Kabul – The Taliban have captured Afghanistan’s second biggest city of Kandahar, officials said on Friday, fueling fears the U.S.-backed government could fall to the insurgents as international forces complete their withdrawal after 20 years of war.
The Taliban also captured the towns of Lashkar Gah in the south and Qala-e-Naw in the northwest, security officers said.
The Taliban claimed to have captured the third-largest city of Herat in the west after days of clashes there but Reuters was unable to confirm that claim.
Kandahar is the heartland of the Taliban, ethnic Pashtun fighters who emerged in the province in 1994 amid the chaos of civil war to sweep through most of the rest of the country over the next two years.
“Following heavy clashes late last night the Taliban took control of Kandahar city,” a government official said.
Government forces were still in control of Kandahar’s airport, which was the U.S. military’s second biggest base in Afghanistan during their 20-year mission.
Lashkar Gah is the capital of the southern opium-growing province of Helmand, where British, U.S. and other foreign forces battled the insurgents for years.
A police officer said officials and commanders had flown by helicopter out of the last government stronghold there at around midnight on Thursday and some 200 soldiers had surrendered to the Taliban after tribal elders intervened.
The fall of major cities was a sign that Afghans welcomed the Taliban, a spokesperson for the group said, according to Al Jazeera TV.
The speed of the offensive has sparked recriminations among many Afghans over President Joe Biden’s decision to withdraw U.S. troops, 20 years after they ousted the Taliban in the wake of the Sept. 11 attacks on the United States.
Biden said this week he did not regret his decision, noting Washington has spent more than $1 trillion in America’s longest war and lost thousands of troops.
U.S. Senate Republican leader Mitch McConnell said the exit strategy was sending the United States “hurtling toward an even worse sequel to the humiliating fall of Saigon in 1975,” urging Biden to commit to providing more support to Afghan forces.
“Without it, al-Qaida and the Taliban may celebrate the 20th anniversary of the Sept. 11 attacks by burning down our embassy in Kabul.”
The U.S. State Department said Secretary of State Antony Blinken and Defense Secretary Lloyd Austin spoke to President Ashraf Ghani on Thursday and told him the United States “remains invested in the security and stability of Afghanistan”. They also said the United States was committed to supporting a political solution.
In response to the Taliban advances, the Pentagon said it would send about 3,000 extra troops within 48 hours to help evacuate U.S. Embassy staff.
Britain said it would deploy about 600 troops to help its citizens leave while other embassies and aid groups said they too were getting their people out.
Britain’s defense minister said Friday he was worried that Afghanistan was spiraling toward a failed state that could become a breeding ground for militants such as al-Qaida.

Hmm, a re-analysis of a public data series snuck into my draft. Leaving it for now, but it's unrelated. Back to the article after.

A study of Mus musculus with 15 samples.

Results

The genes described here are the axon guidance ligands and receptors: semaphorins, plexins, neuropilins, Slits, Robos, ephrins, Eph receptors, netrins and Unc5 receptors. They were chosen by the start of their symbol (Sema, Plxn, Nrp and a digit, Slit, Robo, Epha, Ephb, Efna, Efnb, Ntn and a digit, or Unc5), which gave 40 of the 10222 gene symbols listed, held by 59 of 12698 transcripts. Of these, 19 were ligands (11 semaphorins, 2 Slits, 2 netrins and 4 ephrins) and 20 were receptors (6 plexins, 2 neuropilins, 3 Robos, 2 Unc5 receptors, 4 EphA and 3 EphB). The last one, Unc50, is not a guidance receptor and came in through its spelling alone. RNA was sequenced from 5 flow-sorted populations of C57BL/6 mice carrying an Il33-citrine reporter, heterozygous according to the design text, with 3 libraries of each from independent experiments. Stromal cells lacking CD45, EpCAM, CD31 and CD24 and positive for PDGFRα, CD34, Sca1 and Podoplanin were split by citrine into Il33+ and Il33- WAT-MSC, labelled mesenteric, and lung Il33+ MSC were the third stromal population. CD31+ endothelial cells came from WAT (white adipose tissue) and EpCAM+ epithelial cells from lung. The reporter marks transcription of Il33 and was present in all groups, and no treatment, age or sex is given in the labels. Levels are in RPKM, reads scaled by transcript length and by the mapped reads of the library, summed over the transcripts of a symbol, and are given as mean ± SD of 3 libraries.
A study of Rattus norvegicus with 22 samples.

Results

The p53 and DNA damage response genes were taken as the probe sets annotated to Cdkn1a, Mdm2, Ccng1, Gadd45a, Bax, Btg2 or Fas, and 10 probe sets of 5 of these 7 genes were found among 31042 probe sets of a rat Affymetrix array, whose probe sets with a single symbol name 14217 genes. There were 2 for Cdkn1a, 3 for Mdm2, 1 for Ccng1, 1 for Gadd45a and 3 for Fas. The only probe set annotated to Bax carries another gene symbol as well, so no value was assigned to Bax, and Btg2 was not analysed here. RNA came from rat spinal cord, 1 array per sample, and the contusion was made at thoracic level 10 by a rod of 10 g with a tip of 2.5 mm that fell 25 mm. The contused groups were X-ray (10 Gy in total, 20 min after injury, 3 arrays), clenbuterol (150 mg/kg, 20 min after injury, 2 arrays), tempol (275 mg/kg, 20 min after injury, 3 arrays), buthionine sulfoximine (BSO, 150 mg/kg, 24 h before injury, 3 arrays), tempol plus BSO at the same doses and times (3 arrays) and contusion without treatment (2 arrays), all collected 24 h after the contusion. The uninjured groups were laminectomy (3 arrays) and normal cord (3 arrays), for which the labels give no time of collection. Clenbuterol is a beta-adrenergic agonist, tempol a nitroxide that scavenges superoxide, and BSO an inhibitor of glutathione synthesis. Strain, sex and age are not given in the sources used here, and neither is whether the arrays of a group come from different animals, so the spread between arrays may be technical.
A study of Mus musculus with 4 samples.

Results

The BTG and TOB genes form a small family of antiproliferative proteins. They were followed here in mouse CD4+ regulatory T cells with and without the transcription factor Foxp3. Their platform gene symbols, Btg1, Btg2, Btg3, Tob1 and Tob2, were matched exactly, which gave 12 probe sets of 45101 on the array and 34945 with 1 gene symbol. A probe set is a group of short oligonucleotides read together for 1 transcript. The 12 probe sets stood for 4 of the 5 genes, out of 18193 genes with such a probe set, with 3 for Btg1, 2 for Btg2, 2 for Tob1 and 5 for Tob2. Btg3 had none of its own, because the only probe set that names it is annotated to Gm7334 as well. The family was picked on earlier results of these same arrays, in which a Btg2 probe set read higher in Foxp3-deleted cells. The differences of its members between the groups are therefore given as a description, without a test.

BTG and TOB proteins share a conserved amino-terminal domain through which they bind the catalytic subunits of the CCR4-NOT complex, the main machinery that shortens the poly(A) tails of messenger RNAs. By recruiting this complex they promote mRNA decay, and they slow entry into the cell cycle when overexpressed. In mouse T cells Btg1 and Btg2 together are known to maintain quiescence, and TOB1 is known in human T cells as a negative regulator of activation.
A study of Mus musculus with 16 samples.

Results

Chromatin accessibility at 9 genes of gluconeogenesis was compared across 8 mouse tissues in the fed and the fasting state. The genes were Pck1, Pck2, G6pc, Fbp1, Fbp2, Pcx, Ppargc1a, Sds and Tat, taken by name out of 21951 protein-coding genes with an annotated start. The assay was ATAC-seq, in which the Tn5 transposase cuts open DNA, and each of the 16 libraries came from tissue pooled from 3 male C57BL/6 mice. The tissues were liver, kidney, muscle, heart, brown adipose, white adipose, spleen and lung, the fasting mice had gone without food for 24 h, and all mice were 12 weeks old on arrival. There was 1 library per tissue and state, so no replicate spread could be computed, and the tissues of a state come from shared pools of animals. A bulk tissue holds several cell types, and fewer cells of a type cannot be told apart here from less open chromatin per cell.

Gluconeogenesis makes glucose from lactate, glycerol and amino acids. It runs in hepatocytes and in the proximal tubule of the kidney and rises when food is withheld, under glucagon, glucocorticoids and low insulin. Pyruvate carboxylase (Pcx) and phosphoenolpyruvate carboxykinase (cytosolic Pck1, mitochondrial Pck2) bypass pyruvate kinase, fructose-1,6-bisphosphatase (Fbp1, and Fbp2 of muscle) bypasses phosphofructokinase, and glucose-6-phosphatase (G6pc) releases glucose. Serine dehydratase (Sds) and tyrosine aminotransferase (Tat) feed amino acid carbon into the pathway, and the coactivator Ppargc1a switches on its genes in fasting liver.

“I’m absolutely worried that failed states are breeding grounds for those types of people,” Defence Secretary Ben Wallace told Sky when asked about Afghanistan. “Al-Qaida will probably come back.”
The Taliban had until recent days focused their offensive on the north, a region they never fully controlled during their rule and the heartland of Northern Alliance forces who marched into Kabul with U.S. support in 2001.
On Thursday, the Taliban also seized the historic central city of Ghazni, 150 kilometers southwest of Kabul.
Security sources said Firuz Koh, capital of Ghor province, was handed over to the Taliban on Thursday night without a fight.
The government still holds the main city in the north — Mazar-i-Sharif — and Jalalabad, near the Pakistani border in the east, as well as Kabul.
On Wednesday, a U.S. defense official cited U.S. intelligence as saying the Taliban could isolate Kabul in 30 days and possibly take it within 90.
The United Nations has warned that a Taliban offensive reaching the capital would have a “catastrophic impact on civilians” but there is little hope for negotiations to end the fighting with the Taliban apparently set on a military victory.
In the deal struck with former U.S. President Donald Trump’s administration last year, the insurgents agreed not to attack U.S.-led foreign forces as they withdrew.
They also made a commitment to discuss peace but intermittent meetings with government representatives have proved fruitless. International envoys to Afghan negotiations in Qatar called for an accelerated peace process as a “matter of great urgency” and for a halt to attacks on cities.
A Taliban spokesman told Al Jazeera: “We will not close the door to the political track.”
Pakistani Prime Minister Imran Khan said this week the Taliban had refused to negotiate unless Ghani resigned from the presidency. Many people on both sides would view that as tantamount to the government’s surrender, leaving little to discuss but terms.
Pakistan officially denies backing the Taliban but it has been an open secret that Taliban leaders live in Pakistan and recruit fighters from a network of religious schools in Pakistan.
Pakistan’s military has long seen the Taliban as the best option to block the influence of arch rival India in Afghanistan and to neutralize Pashtun nationalism on both sides of a border that Afghanistan has never recognized.
Afghans, including many who have come of age enjoying freedoms since the Taliban were ousted, have vented their anger on social media, tagging posts #sanctionpakistan, but there has been little criticism from Western capitals of Pakistan’s role.